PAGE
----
What is it about Interlagos?
It’s a track that more often than not seems to deliver action-packed races, but what makes it particularly unique is the tendency for them to involve some sort of controversy between teammates.
Off the top of my head there was the 2006 race back to the pits between the Williams drivers that resulted in Nico Rosberg crashing and Mark Webber proclaiming “Britney’s in the wall”. Then Webber again upset teammate Sebastian Vettel by shutting the door on the sister Red Bull at the start of the 2012 title decider, leaving the German vulnerable and caught in contact three corners later.
Vettel has been a regular himself after colliding with his then-Ferrari teammate Charles Leclerc in 2019 on the run to Turn 4, and being forced onto the grass in the same place by Lance Stroll this year in a move that earned Stroll a pretty significant penalty.
That was in the Sprint, where Esteban Ocon and Fernando Alonso collided twice and needed a dressing down from their Alpine bosses, but all of them are footnotes to the unexpected row that blew up at Red Bull when the checkered flag was waved.
Max Verstappen is quite clearly the team leader, and the driver Red Bull pins its hopes on for years of success moving forward. On that basis, Sergio Perez has regularly obeyed team orders to either move over for Verstappen or carry out a strategy that could help his teammate’s chances, most notably in last year’s intense title fight against Lewis Hamilton and Mercedes.
Of course, Perez’s incredible defense in Abu Dhabi last year comes to mind. Before it was overshadowed by later events, Perez delivered an outstanding piece of driving to slow Hamilton significantly without causing contact or moving dangerously, allowing Verstappen to close back in and keep himself in with a chance in that winner-takes-all race.
Sunday’s race in Interlagos didn’t come remotely close to those events in terms of importance, as Verstappen was told he could pass Perez for sixth late on but would have to return the place if he didn’t make further progress.
Sixth and seventh. That’s what they were squabbling over.
The importance was huge to Perez, for whom sixth would have meant a slight advantage over Charles Leclerc going into the final round in Red Bull’s quest for its first-ever one-two in the drivers’ championship. Instead, seventh left him level on points, but behind on countback of wins.
For Verstappen, the long-confirmed world champion who had won eight of the previous nine races heading to Brazil, it was a matter of eight points or six. Sure, there are still things potentially riding on that – pride, points-related bonuses, the kudos for beating your team-mate despite being miles adrift early on – but it held far less value for Verstappen and Red Bull had a clear target.
And that’s what makes his very public refusal to move all the more unnecessary.
It’s not just about the finishing positions, it’s how they don’t add weight to the point Verstappen was trying to make. If you’re going to risk damaging your reputation, surely the potential reward needs to be worth it?
“I told you already last time, you guys don’t ask that again to me, OK? Are we clear about that? I gave my reasons and I stand by it.”
After crossing the finish line, the team radio outburst that came in response to his engineer asking what happened was firm. Verstappen would later go on to say he had his justifications but would not make them public, and while he wouldn’t deny that this year’s Monaco Grand Prix – where Perez crashed on his final qualifying lap in an incident that stopped Verstappen improving – had something to do with it, he didn’t confirm that was a catalyst, either.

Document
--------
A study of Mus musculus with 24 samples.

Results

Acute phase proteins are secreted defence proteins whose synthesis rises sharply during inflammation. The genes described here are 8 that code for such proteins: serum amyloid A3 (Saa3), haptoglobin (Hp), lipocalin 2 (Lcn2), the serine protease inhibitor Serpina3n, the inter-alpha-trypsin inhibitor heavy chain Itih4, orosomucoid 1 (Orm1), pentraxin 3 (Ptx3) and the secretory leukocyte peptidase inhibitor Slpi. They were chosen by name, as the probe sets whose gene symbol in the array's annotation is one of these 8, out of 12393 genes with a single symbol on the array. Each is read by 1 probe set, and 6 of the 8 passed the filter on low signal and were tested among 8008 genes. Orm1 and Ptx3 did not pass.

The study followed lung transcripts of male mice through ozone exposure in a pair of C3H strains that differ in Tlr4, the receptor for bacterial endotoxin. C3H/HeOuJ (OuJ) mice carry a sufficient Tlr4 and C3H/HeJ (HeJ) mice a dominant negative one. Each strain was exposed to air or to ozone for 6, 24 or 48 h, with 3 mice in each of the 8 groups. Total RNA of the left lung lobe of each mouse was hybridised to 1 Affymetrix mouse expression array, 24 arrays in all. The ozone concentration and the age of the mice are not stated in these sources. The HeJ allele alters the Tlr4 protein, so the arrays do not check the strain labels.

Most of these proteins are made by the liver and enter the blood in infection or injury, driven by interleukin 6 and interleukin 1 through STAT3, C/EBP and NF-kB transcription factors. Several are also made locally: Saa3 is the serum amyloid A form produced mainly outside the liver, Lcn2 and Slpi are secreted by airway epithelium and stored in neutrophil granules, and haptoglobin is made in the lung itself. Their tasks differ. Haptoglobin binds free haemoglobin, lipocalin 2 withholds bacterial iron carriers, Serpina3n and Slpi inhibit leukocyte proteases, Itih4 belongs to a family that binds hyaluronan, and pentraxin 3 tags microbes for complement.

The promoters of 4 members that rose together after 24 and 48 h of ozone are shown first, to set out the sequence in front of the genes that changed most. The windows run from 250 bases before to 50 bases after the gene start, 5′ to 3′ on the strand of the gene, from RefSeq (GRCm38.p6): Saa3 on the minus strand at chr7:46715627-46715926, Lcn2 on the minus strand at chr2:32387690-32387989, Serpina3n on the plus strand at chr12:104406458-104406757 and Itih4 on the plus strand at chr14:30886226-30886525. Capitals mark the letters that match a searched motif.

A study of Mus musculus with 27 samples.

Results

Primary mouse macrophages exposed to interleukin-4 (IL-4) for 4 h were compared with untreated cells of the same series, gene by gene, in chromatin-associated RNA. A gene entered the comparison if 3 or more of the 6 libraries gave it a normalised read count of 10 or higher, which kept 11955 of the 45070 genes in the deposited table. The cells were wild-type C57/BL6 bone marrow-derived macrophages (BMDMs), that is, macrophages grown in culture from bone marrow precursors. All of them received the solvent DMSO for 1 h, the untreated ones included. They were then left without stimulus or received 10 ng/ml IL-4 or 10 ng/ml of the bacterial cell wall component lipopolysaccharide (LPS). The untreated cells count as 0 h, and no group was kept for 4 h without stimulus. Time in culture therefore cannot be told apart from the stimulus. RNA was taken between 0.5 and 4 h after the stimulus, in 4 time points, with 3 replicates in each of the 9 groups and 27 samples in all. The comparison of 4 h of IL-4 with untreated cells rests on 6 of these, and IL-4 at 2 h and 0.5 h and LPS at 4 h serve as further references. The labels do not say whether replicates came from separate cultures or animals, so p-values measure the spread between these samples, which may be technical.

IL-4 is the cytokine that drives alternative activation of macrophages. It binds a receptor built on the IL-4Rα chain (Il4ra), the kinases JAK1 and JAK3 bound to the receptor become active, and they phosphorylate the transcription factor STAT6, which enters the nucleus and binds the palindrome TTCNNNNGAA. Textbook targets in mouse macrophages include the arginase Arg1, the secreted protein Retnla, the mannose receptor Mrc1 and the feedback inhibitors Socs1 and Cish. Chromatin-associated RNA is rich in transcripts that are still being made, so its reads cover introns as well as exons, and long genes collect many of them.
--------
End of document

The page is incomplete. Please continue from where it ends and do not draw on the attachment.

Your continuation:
For now he won’t go into details, but Verstappen needs to. Because on the surface, he has shown zero respect for a teammate who has played his part in recent championship successes, however small that part might be. Not only that, he’s done the same to the team that has played a huge part in both titles, and has fought his corner so strongly over a number of years.
And I keep coming back to the fact it was over sixth place, with both titles won.
On Sunday night, Red Bull and Verstappen kept repeating the mantra that “we discuss it behind closed doors” and “keep it internal”, but it is the double world champion who very much aired the dirty laundry in public by not following the team’s order. And if it was clear he would never follow one, then the team did the same by asking him to during the race.
Verstappen has won two consecutive championships that have been muddied by negative storylines, and it clearly stings. When talk could have been solely of his immense talent and ability, it was regularly overshadowed by Abu Dhabi or the cost cap, and he stated in Mexico that the boycott of Sky Sports for a weekend was due to him not feeling he was being given enough respect.
But by appearing to not provide the same respect to his team and teammate, Verstappen has managed to create even more negativity around himself. He could have followed the order, been seen as a good team player, and voiced his annoyance in the debrief after the race if he really wanted to keep it internal. After all, there wasn’t a race victory or even a trophy on the line on Sunday.
Instead, he made himself appear selfish and disobedient, publicly berating the team for asking him to do what Perez has done in the past. By not explaining his reasons afterwards, he hasn’t done anything to counteract many fans forming a negative opinion of his attitude, fueling further negativity in a season where he has been deserving of immense praise up to now.
All over sixth place. It was just so unnecessary.